November is a month of darkness and rain. And what better activity to do on a day like that than sit in your house and read? Here are six books that are perfect for curling up with on a dark and stormy night.
Halloween may be over, but November is still a spooky month. And what better to read during a storm than something scary? Both Shirley Jackson’s The Haunting of Hill House and Henry James’ The Turn of the Screw are haunted house stories short enough to be read in a single night. They are also the two inspirations for the Netflix series The Haunting of Hill House and The Haunting of Bly Manor. In Hill House, Dr. Montague, Theodora, Eleanor, and Luke stay in the infamously haunted house to investigate the paranormal activity. In The Turn of the Screw, an unnamed governess goes to Bly Manor to take care of two children, Miles and Flora, and begins to see ghosts around the estate. Both stories are deeply psychological and can perhaps be considered more Gothic than horror. But they’ll give you that gleeful feeling of terror when reading them home alone at night!
A dark, rainy, November night also fits perfectly with the dark academia aesthetic. M. L. Rio’s If We Were Villains focuses on a group of students studying Shakespearean theater at the elite Dellecher Classical Conservatory. As they perform productions of Macbeth and Julius Caesar, tensions run high, rivalries start to form, and one of them ends up dead. Carol Goodman’s The Lake of Dead Languages moves between the past and present of Jane Hudson, who lived through a dark tragedy as a student at Heart Lake School for Girls and is now watching it unfold again as a Latin teacher. Both books deliver mysteries and twists perfect for a night of stormy reading along with all the elite college/boarding school vibes your heart could wish for.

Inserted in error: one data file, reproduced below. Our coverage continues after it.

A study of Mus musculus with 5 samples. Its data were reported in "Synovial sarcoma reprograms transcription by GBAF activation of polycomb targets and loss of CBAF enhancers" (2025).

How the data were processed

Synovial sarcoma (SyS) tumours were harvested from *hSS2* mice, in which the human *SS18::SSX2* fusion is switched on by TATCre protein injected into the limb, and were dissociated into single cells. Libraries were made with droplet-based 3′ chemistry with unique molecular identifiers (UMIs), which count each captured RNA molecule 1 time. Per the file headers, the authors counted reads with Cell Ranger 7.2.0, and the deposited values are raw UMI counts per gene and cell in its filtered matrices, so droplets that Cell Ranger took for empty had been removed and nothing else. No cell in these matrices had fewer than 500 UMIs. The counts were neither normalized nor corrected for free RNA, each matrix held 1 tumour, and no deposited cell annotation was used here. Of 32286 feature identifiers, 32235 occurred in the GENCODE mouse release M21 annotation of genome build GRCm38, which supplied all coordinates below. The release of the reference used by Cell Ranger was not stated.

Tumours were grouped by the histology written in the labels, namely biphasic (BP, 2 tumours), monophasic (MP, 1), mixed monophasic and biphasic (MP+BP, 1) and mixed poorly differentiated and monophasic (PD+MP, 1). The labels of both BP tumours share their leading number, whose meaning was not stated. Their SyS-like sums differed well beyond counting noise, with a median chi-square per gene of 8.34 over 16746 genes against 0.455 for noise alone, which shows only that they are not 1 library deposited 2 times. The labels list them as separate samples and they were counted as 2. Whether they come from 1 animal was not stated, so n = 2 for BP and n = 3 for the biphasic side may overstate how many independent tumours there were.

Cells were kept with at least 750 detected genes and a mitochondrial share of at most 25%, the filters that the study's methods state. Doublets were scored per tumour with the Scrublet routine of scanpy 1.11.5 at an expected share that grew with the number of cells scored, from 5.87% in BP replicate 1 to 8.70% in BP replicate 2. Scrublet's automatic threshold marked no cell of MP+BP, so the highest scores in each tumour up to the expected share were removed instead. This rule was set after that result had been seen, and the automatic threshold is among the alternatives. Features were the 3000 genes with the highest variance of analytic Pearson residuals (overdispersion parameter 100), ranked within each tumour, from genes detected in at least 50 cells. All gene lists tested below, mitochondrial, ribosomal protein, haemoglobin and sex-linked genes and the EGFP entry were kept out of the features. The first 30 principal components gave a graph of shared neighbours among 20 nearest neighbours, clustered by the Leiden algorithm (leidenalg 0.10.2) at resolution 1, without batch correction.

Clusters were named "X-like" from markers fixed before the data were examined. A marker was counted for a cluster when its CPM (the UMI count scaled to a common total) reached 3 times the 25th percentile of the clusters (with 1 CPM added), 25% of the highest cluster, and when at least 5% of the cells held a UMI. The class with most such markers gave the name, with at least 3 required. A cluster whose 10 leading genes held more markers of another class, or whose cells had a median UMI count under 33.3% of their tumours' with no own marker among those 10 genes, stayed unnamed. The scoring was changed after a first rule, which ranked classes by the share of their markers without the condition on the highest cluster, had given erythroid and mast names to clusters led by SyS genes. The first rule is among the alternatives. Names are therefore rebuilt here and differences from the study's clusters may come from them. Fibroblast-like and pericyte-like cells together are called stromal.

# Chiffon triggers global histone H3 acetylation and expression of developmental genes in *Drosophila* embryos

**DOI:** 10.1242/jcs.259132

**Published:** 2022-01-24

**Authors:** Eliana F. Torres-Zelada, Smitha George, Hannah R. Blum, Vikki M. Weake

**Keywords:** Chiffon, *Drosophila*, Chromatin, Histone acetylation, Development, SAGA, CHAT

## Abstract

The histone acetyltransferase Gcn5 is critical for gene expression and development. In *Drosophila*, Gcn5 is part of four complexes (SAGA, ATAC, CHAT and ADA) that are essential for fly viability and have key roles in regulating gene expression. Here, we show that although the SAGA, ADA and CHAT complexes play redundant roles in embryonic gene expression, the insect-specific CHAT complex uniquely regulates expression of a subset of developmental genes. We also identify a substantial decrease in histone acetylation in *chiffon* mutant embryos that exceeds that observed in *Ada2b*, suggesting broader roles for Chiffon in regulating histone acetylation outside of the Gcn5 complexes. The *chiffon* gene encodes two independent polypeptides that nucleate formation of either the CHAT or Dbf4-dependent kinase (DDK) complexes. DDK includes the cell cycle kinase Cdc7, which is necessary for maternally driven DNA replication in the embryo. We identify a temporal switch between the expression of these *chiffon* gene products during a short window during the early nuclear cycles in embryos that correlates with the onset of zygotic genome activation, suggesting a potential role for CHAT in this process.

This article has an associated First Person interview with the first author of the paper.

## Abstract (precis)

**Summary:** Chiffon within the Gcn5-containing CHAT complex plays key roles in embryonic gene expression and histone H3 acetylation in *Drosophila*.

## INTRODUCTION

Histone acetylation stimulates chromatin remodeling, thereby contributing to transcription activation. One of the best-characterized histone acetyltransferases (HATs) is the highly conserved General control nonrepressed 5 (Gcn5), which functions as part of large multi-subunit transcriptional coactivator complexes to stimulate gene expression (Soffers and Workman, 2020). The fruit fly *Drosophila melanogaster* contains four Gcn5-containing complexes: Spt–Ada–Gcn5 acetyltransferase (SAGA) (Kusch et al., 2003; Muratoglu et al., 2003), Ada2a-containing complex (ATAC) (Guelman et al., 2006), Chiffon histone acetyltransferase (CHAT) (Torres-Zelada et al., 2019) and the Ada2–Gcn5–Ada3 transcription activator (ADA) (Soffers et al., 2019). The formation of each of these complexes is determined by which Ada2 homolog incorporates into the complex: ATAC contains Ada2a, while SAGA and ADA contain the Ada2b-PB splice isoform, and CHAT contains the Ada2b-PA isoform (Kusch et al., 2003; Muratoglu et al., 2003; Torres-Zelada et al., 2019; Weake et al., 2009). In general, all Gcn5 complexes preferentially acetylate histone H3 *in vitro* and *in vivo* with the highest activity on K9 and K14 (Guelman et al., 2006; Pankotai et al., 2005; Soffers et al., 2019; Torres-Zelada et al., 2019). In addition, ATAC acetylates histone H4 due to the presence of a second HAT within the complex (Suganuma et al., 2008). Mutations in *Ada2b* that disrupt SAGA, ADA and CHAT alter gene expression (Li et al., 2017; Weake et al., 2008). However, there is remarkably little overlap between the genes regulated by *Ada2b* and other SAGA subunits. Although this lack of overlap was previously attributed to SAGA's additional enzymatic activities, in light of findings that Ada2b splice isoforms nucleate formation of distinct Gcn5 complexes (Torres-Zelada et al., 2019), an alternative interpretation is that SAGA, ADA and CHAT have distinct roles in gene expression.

And what’s a dark night without some creepy magic? Erin A. Craig’s Gothic retelling of “The Twelve Dancing Princesses” House of Salt and Sorrows takes place in a seaside manor that a group of sisters sneaks out of to dance at midnight balls. But Annaleigh starts to believe that whatever caused their four older sisters to die may want the rest of them dead as well. Susanna Clarke’s Jonathan Strange & Mr. Norrell is a historical fantasy set during the Napoleonic Wars. Magic has been absent from England until two magicians rise up, first as partners then as rivals. Though these are two very different books, both feature eerie atmospheres and haunting acts of magic that will leave you shivering in the November night.